As potential threats to the U.S. from the coronavirus outbreak in China became clear, President Trump appointed a task force in January to develop a U.S. response to the potential crisis. In February, the president named Vice President Mike Pence to head the group, which has since been providing regular updates to the public on policy decisions and other actions regarding the outbreak. Below are the key members of the task force — plus links to more information about each.
Vice President Mike Pence
Vice President Mike Pence was appointed in February by President Trump to head a task force charged with leading the federal government’s response to the coronavirus outbreak.
After his appointment, Pence cited his experience in addressing an outbreak of MERS (Middle East Respiratory Syndrome) when he was governor of Indiana.
The current coronavirus task force includes at least three members – Jerome Adams, Alex Azar and Seema Verma – who worked with Pence in Indiana.
Dr. Jerome Adams, the U.S. surgeon general, has been one of the most frequently seen government officials explaining to the public about the risks of coronavirus and that federal government’s response.
Adams, the 20th surgeon general in the U.S., has been a prominent backer of allowing counties to start needle-exchange programs aimed at stemming the spread of diseases among intravenous drug users as the state struggles with opioid abuse.
Adams served as Indiana’s state health commissioner under then-Gov. Mike Pence.
Alex Azar is secretary of the Department of Health and Human Services (HHS), a position to which President Trump appointed him in January 2018.
The Yale-educated lawyer, who once clerked for the late Supreme Court Justice Antonin Scalia, has spent a large chunk of his career in the health care industry. For a decade, Azar served as a senior executive of drugmaker Eli Lilly.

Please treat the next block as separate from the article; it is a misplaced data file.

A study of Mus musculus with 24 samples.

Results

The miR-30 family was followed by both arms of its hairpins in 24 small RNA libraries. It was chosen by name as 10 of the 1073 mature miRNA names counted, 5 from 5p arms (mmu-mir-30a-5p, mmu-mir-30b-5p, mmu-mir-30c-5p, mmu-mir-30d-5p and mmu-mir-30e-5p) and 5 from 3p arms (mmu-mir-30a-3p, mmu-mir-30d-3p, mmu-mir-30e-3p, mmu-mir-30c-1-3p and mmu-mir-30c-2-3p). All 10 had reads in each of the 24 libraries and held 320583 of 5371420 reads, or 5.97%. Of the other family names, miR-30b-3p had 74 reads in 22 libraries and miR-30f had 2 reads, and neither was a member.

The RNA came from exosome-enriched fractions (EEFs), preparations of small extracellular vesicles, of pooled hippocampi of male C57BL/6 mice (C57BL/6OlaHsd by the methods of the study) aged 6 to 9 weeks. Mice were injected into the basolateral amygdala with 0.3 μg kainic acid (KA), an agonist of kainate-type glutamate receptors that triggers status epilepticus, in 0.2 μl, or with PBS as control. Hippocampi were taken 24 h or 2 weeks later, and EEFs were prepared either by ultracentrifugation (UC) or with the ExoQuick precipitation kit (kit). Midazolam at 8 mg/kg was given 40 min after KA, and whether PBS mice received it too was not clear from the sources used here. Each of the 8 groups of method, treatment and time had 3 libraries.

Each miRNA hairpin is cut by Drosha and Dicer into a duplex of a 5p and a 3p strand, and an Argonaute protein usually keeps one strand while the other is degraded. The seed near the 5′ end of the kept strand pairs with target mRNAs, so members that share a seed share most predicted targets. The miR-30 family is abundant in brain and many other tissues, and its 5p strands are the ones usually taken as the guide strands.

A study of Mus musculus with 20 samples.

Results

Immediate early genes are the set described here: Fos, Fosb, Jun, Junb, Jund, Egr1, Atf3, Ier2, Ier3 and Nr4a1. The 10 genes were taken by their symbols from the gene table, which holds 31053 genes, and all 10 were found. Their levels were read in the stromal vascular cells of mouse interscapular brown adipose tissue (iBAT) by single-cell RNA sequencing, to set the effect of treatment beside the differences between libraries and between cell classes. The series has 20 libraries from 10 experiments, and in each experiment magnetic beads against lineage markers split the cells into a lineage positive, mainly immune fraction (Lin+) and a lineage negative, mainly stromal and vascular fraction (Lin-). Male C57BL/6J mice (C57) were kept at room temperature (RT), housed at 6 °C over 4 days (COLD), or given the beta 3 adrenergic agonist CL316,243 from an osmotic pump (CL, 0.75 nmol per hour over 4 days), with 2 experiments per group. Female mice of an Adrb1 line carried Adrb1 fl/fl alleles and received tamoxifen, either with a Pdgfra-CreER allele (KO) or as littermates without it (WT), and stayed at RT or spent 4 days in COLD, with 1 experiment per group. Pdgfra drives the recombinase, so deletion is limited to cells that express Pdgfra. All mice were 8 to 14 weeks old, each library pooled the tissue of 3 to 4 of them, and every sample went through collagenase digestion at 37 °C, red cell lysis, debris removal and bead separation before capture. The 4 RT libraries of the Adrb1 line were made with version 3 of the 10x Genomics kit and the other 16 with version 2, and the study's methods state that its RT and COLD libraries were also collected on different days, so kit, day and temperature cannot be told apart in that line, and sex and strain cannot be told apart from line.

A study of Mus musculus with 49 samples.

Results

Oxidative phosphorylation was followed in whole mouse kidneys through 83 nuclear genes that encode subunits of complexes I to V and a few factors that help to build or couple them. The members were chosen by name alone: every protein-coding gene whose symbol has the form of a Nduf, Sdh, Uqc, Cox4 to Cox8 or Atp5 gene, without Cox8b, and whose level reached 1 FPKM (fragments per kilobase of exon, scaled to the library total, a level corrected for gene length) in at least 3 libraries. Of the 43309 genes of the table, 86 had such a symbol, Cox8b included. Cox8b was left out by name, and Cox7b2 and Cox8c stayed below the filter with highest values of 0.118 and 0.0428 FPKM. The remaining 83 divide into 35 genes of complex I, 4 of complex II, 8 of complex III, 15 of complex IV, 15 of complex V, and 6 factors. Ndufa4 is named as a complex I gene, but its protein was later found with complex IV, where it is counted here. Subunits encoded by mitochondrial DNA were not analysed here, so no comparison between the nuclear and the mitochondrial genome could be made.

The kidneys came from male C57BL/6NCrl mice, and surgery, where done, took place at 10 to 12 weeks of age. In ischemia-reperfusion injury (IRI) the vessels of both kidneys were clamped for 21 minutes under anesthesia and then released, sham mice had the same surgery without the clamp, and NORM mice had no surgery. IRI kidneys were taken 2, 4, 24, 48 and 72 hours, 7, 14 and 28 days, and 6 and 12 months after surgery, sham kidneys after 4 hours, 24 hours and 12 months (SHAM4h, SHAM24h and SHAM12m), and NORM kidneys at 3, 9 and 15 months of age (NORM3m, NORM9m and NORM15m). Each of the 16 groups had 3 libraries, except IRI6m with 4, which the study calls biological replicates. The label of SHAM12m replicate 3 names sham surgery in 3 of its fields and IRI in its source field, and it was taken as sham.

Deborah Birx, who was appointed as the White House coronavirus response coordinator in late February, is a world-renowned medical expert and has worked extensively in the global fight against HIV/AIDS — both as the State Department’s U.S. global AIDS coordinator and as the U.S. special representative for global health diplomacy.
Birx’s nearly 30-year career has included experience in vaccines, virulent diseases and interagency coordination, according to a White House statement.
Ken Cuccinelli is acting director of U.S. Citizenship and Immigration Services (USCIS) and also serves as deputy secretary of Homeland Security.
As acting director of USCIS, he had pushed a series of tough immigration measures including the “public charge” rule — which would toughen up guidelines on whether immigrants likely to be reliant on welfare should be given green cards.
Dr. Anthony Fauci is head of the National Institute of Allergy and Infectious Diseases (NIAID).
He’s made numerous contributions to research and his portfolio at the agency includes the treatment of various immune-mediated and infectious diseases, including respiratory infections, diarrheal diseases, tuberculosis, and malaria as well as emerging diseases such as Ebola and Zika.
Robert Redfield, a long-time infectious disease specialist, was appointed in March 2018 as director of the federal Centers for Disease Control and Prevention.
While working at the Defense Department’s Walter Reed Institute of Research in the 1980s, Redfield began researching the AIDS virus around the height of the epidemic. At the time, many scientists believed the AIDS virus was only spread among homosexuals. But Redfield questioned this theory, later becoming one of the first researchers to demonstrate heterosexuals could contract the virus as well.
Seema Verma is the administrator of the Centers for Medicare and Medicaid Services, which helps administer the Affordable Care Act – the Obama-era law that Verma has advocated for either repealing or scaling back.
Her position calls for her to oversee health care programs that provide services to more than 100 million Americans, with an annual budget of more than $1 trillion.
Verma helped then-Gov. Mike Pence overhaul Indiana’s Medicaid program and performed similar work in other states.